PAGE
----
Since 2002, Indigenous Permaculture has been fighting to reduce food insecurity in the San Francisco Bay area. Our first work sight was a community garden in Oakland, in a neighborhood which did not have access to fresh produce.

We currently garden at sites in Oakland and Treasure Island. We pair up with organizations that have unused gardens or parking lots and build food security for the community by building infrastructure and growing vegetables, herbs, flowers, and useful crops. The produce is picked up by people who use the local food pantry and given to kitchens that run weekly meal programs.

During the 2020 Covid-19 pandemic, we expanded our work and began partnering with a local food pantry. We can now deliver hundreds of pounds of fresh produce to our neighbors every week for free. Indigenous Permaculture was able to distribute 148,000 pounds of food around the Bay Area in 2022.

Work Sites

Oakland Santiago Community Garden

Built on a former parking lot in the San Antonio neighborhood of Oakland, we grow fresh, healthy food for those who need it and provide education and workshops that empower people to grow their own food and connect with their neighborhood.

The Santiago Garden is located at St James Episcopal Church in Oakland.

Treasure Island Community Garden

In a partnership with Treasure Island, we established the Treasure Island Community Garden on April 22, 2019, growing food and community together. We hold workshops for residents to learn to grow crops and prepare healthy food and recipes. This summer season we shared 65 pounds of fresh vegetables with the food pantry on the Island which was distributed to the community. We share crops with the volunteers that work in the garden every weekend and take it to the weekly food pantry on the Island.


Mission Free Food Table

Our Yula Kal’mil bus, or “The Heart of the House of Milpa” bus delivers fresh produce to the heart of the Mission every week. We collaborate with other farms and non-profits in the area in order to fight food insecurity in San Francisco.


Alternative Breaks 2013: Indigenous Permaculture and Sustainability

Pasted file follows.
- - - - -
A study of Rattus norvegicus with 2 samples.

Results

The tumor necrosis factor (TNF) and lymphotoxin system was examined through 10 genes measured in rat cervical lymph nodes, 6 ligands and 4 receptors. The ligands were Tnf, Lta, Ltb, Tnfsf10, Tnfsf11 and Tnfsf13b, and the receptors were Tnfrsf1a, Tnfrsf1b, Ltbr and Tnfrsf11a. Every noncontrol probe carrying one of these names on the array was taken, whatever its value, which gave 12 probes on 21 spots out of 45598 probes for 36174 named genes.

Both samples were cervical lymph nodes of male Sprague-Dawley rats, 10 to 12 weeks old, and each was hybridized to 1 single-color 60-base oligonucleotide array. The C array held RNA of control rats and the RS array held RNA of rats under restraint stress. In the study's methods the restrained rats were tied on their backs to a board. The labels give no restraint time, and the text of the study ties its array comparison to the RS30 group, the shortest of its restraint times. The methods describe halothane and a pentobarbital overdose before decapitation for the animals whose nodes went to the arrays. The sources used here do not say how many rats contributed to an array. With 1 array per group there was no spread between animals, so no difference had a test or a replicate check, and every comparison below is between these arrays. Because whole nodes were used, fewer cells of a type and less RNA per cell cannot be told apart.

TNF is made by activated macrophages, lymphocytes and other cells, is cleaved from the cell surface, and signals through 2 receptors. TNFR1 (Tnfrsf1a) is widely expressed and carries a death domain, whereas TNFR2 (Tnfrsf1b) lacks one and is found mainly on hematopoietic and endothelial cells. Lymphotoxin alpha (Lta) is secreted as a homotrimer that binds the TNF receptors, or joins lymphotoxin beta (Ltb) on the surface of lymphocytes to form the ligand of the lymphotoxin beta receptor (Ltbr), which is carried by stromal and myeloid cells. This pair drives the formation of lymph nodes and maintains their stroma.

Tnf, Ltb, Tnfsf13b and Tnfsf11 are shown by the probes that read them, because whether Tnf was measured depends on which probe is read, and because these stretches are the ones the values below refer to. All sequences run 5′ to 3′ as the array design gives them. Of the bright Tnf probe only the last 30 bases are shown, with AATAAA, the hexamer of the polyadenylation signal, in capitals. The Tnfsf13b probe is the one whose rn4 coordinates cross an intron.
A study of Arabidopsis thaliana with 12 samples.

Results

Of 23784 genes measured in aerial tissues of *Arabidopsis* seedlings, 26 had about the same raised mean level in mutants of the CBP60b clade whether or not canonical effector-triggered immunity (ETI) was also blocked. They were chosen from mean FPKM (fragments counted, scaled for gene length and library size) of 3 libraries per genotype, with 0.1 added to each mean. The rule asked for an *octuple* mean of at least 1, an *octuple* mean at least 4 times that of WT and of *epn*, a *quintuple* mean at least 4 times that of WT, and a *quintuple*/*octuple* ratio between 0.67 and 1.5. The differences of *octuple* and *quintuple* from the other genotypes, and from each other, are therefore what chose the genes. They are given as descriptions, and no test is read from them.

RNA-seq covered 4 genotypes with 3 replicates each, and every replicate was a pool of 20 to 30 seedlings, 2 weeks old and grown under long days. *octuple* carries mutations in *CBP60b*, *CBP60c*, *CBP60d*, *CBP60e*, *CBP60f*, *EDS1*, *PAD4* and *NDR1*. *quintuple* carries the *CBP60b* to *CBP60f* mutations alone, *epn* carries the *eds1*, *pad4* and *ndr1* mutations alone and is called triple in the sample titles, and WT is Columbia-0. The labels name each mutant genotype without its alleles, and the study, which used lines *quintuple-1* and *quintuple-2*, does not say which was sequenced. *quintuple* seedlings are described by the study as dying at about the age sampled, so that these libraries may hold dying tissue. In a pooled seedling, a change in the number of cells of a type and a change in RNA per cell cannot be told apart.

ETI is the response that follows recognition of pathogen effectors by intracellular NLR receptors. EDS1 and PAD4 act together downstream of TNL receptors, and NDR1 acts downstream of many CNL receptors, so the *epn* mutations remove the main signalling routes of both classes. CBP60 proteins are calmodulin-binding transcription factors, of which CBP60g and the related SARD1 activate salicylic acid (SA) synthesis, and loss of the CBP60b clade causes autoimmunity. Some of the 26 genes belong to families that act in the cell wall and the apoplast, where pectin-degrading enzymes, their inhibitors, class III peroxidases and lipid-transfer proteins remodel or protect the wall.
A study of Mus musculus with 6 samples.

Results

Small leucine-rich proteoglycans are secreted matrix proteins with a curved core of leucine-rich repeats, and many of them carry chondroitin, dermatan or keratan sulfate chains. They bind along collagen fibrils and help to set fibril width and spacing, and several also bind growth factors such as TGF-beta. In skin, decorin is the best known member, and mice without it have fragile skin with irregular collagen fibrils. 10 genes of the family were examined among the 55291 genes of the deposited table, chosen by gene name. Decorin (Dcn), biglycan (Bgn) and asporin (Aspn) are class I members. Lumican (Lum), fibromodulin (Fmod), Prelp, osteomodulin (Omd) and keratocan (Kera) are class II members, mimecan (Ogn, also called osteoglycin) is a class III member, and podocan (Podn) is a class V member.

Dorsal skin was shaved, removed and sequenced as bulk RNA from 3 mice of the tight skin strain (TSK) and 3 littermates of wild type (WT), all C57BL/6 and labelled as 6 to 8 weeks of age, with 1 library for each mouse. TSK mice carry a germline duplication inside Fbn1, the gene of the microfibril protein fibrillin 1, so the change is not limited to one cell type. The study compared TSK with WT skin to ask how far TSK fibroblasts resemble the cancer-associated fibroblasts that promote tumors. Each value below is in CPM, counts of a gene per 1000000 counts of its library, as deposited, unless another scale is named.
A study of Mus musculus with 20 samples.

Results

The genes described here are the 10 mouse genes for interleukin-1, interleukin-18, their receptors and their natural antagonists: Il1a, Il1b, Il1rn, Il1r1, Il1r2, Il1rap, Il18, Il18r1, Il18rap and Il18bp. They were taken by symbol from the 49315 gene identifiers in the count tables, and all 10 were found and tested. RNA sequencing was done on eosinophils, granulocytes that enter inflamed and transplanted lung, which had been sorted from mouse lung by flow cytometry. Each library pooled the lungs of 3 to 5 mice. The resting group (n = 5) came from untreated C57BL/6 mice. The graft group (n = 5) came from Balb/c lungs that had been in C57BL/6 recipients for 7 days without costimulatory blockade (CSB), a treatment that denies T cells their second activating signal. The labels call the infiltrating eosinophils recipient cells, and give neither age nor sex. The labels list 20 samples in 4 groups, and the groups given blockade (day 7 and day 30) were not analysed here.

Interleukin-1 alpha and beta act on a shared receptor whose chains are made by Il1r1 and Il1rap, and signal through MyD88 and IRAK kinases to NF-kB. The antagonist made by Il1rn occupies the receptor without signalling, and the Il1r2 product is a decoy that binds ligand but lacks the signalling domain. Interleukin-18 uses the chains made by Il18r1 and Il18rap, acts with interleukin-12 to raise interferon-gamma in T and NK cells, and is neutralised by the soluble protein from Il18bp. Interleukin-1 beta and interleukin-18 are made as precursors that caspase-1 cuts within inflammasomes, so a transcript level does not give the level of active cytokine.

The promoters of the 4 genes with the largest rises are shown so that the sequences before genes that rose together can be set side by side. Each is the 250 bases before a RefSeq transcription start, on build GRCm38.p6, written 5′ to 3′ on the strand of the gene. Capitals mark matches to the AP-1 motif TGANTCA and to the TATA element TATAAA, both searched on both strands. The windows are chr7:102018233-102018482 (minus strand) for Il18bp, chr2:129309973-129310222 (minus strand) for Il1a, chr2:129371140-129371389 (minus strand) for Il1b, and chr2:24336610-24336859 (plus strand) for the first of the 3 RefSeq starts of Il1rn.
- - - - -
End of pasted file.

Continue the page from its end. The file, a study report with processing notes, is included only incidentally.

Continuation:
Historical Projects

Environmental Leadership Training Program

Over the last nine years, we have conducted Indigenous Permaculture Certificate Training Programs in the San Francisco Bay Area for nearly 220 participants. These teachings empower Bay Area residents with tools to organize their communities around sustainable agriculture and food security.

In a partnership with the Ecology Center, we created and maintained a local native plant garden and food forest and teach workshops on urban sustainability and climate action.

UC Berkeley Eco House


Sonsonate, El Salvador

For the past ten years, we have partnered with the people of Sonsonate, El Salvador. The primary issue for Sonsonate is poverty, where the Nahuat Peoples live at a subsistence level. We have:

  • Restored nearly six acres of land for sustainable farming and biodiversity

  • Built an ecological wastewater treatment system, providing soil seed and farm supplies for five acres of corn, beans, and squash

  • Installed a rainwater collection system to collect rain at the top of the ridge and gravity feeds irrigation water to the fields below.

  • Planted over 7,000 trees to enhance surrounding biodiversity to traditional community houses

  • Built several high-efficiency stoves to keep the air clean, save wood, and address the respiratory problems of those who breathe wood smoke from open cook fires.

This work provides a demonstration of the possibilities to the greater community, provides a forum for interchange between different indigenous groups in Meso-America, and helps build capacity for community food security and to replicate projects and benefits beyond the site.

Hoopa Vigil Garden, Northern California

We assisted the community on the Hoopa Reservation, and the Green Environmental Leadership Program to build resilience and food security, and to learn traditional farming practices. In 2010 we established a small organic farm, installed a water catchment system and drip irrigation system on a 3/4 acre plot of land.

Pine Ridge Lakota Nation, South Dakota

Prior to working with Indigenous Permaculture in 2003, the Pine Ridge project had a small garden. Now, it has three acres of land which supports biodiverse agriculture, and there is a greenhouse as well as two large gardens with drip irrigation systems. Excess produce is distributed to elders and other community members. At the 2008 Wazi Paha agriculture fair at Oglala Lakota College, produce from the garden took top awards (i.e. largest squash). Dozens of community members have been inspired to be involved with the garden.

Future Projects

  • Build a chicken coop at Santiago Garden


  • Build an onsite kitchen and education space at Santiago Garden


  • Strengthen practices of traditional farming, pest management control and alternatives and change to natural pesticides and fertilizer


  • Green environmental Leader training "Urban Solutions for Sustainable Living"


  • Construct a root cellar to enhance food processing and expand organic fields; begin a small-scale Traditional Agriculture program at Pine Ridge, at Hoopa Reservation, create a seed library, and food justice programs.

  • Expand sustainable development work in Meso-America - El Salvador, Guatemala, and Belize - installing a water pump, solar power, gas biodigester as well as extend reforestation, water catchment, composting toilet, and efficient stove projects to other communities.